Grand jury does not indict former UH strength coach over punishment within UH soccer program

Jury decides not to indict former University of Houston strength coach

University administrators are keeping quiet, refusing to talk about multiple incidents in which players were diagnosed with a potentially deadly condition known as rhabdo.

HOUSTON – Channel 2 Investigates has learned a Harris County grand jury has decided not to indict a former University of Houston strength coach in connection with an alleged punishment workout in February 2018.

The no-bill comes months after multiple players and others involved with the women’s soccer program told Channel 2 Investigates a punishment workout had taken place, ordered after two players were accused of stealing food. One player, who had nothing to do with the alleged theft, ended up in the hospital for five days with a potentially deadly medical condition known as rhabdo.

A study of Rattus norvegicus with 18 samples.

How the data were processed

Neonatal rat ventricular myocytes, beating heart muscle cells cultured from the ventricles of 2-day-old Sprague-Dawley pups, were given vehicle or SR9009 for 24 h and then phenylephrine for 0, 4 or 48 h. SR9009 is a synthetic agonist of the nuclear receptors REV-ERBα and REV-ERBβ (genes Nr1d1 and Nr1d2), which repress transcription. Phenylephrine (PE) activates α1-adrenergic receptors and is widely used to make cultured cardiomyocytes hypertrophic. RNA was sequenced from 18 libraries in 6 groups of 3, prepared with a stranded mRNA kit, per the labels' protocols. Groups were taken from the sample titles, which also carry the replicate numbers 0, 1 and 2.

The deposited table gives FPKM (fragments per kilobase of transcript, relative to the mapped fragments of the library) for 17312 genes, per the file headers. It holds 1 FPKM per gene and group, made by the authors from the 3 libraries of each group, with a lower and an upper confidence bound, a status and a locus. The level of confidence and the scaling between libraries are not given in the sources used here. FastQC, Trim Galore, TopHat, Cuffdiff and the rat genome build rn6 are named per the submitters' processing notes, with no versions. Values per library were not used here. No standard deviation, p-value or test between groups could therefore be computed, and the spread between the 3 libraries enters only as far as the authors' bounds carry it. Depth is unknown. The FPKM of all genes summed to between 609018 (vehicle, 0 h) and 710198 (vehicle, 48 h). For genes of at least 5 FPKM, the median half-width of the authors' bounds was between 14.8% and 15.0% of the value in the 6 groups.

Terrence Robinson, who represents former strength coach Minor Bowens, sent Channel 2 Investigates the following statement: "The Grand Jury correctly found that Mr. Bowens had no criminal responsibility with respect to the allegations. Mr. Bowens has been inappropriately targeted throughout the investigation. The standard strength training sessions conducted by Mr. Bowens were not the cause of any alleged health concerns. Mr. Bowens has been a respected member of the athletic community and well regarded by the students he trained. Mr. Bowens has not as yet determined whether he will pursue legal action against those who have improperly associated him with wrongdoing."

The no-bill comes less than 24 hours after Channel 2 Investigates' latest report. University President Renu Khator broke her silence to Channel 2, saying she was furious after hearing what happened and has no problem taking action when an internal audit by the board of regents is complete.

Khator told Channel 2 Investigates, "I can guarantee you whatever comes out there -- and your questioning has helped us, obviously -- whatever comes out there, action will be swift."

The internal probe by the board of regents is expected to be completed next month.